What are mandatory minimum jail sentences?


Mandatory minimum sentences mean that a judge is not able to sentence a person to something lower than what the mandatory minimum sentence is. Typically, judges would have what is called “discretion” to sentence an offender to what they determine to be the most appropriate and fit sentence. However, if Parliament has dictated that there is a mandatory minimum sentence, the judge cannot go below that minimum. However, sometimes those mandatory minimum sentences are struck down by the courts and therefore may not be in force. If they are in force, then it may be possible to challenge the constitutionality of the mandatory minimum sentences.


The introduction of mandatory minimums in Canadian criminal law can be traced back to various societal impulses, among them a desire to deter potential offenders and to ensure that certain crimes are met with uniformity in punishment. Advocates argue that they provide consistency in sentencing, emphasizing that similar crimes should yield similar punishments irrespective of the judicial officer presiding.

Many believe that these sentences send a strong message about the reprehensibility of certain offences, thereby acting as a deterrent to would-be offenders and underlining society’s condemnation of such acts.


Throughout the Criminal Code of Canada, there are several provisions which stipulate mandatory minimum penalties, primarily for offences involving firearms, sexual offences against minors, and certain drug offences. 

For instance, under the Criminal Code, first-degree murder (it was planned and deliberate), carries an automatic life sentence with no possibility of parole for 25 years. For second-degree murder (was not planned and does not fall under categories for first-degree murder), the mandatory minimum parole eligibility is 10 years but can be as long as 25 years.

Another example can be found in section 151(a) of the Criminal Code, which deals with sexual interference with a minor. If the prosecutor elects to proceed by indictment and the victim is under 16 years of age, the offence carries a mandatory minimum sentence of one year. However, this section of the Criminal Code has been ruled unconstitutional in many Provinces, so the mandatory minimum sentence does not apply.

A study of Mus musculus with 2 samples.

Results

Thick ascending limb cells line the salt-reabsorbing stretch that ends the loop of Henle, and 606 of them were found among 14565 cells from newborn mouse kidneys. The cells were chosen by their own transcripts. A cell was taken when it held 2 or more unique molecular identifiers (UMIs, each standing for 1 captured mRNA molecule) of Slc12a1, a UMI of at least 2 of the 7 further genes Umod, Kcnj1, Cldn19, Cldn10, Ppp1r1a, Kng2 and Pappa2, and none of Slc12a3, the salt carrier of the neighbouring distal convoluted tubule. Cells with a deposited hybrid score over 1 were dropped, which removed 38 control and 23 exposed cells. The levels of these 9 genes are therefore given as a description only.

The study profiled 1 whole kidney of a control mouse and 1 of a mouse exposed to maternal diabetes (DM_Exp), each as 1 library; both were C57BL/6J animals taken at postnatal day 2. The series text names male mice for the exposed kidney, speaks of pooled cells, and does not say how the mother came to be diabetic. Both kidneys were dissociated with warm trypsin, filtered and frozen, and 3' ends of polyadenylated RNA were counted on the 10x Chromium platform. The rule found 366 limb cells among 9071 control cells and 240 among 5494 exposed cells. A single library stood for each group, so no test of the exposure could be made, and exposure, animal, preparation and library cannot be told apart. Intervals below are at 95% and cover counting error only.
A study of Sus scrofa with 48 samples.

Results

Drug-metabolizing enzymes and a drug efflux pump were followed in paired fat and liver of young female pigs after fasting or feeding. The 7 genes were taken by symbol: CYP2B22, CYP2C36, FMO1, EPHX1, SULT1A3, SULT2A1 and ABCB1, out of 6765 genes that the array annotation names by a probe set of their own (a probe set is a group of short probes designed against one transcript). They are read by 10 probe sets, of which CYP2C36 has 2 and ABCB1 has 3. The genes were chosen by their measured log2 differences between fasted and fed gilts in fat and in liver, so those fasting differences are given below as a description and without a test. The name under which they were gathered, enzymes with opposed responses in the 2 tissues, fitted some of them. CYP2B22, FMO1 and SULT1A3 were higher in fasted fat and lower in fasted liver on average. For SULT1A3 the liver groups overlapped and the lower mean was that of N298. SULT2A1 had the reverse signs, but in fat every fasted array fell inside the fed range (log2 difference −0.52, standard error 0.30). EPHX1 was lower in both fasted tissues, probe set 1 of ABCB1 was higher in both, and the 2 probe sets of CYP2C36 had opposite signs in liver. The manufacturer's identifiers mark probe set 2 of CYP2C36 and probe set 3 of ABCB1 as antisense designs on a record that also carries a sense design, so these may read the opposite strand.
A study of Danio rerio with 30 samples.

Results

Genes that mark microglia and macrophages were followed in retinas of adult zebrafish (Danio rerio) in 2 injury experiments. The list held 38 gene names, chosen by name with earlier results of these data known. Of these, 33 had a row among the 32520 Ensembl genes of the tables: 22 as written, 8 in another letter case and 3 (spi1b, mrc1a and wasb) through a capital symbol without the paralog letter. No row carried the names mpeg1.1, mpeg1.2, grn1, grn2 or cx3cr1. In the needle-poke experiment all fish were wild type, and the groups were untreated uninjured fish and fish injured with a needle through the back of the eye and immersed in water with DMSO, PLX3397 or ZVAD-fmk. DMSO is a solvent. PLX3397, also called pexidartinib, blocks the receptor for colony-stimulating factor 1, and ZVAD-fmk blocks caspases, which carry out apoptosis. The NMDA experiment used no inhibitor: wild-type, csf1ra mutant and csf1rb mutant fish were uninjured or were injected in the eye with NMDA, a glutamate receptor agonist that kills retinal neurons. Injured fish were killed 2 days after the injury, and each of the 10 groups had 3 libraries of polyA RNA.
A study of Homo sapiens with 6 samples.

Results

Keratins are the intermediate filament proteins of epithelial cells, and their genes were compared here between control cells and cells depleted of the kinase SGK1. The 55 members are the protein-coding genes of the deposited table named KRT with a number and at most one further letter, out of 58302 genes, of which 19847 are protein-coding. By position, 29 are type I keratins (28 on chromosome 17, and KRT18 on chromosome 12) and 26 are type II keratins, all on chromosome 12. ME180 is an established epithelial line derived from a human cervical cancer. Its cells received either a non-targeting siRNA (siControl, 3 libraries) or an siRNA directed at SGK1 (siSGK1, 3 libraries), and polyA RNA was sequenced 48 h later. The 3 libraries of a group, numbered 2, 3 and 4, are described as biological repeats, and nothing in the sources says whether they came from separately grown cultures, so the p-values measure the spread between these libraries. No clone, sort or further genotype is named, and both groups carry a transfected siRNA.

Despite their intent to ensure uniformity and deterrence, mandatory minimum sentences have not been without controversy.


One primary concern revolves around the erosion of judicial discretion. Traditionally, Canadian sentencing law has stuck to the principle that a sentence should be proportionate to the gravity of the offence and the degree of responsibility of the offender. By imposing a floor on sentences, mandatory minimums can sometimes result in penalties that are disproportionate to the circumstances of the offence or the individual offender, contravening this foundational principle.


As a consequence, numerous mandatory minimum provisions have faced challenges under section 12 of the Canadian Charter of Rights and Freedoms, which protects against cruel and unusual punishment. In R v. Nur (2015), the Supreme Court of Canada found that certain mandatory minimum sentences for firearm offences were unconstitutional. The Court ruled that while the sentences might be appropriate for some individuals, they could be grossly disproportionate for others, thus violating section 12 of the Charter.

Mandatory minimum sentences, while designed to promote uniformity and denounce particular offences, are a contentious feature of Canadian criminal law. Their intersection with constitutional rights, concerns about their efficacy, and the broader dialogue about the purpose of criminal justice make them a central topic in modern legal discussion.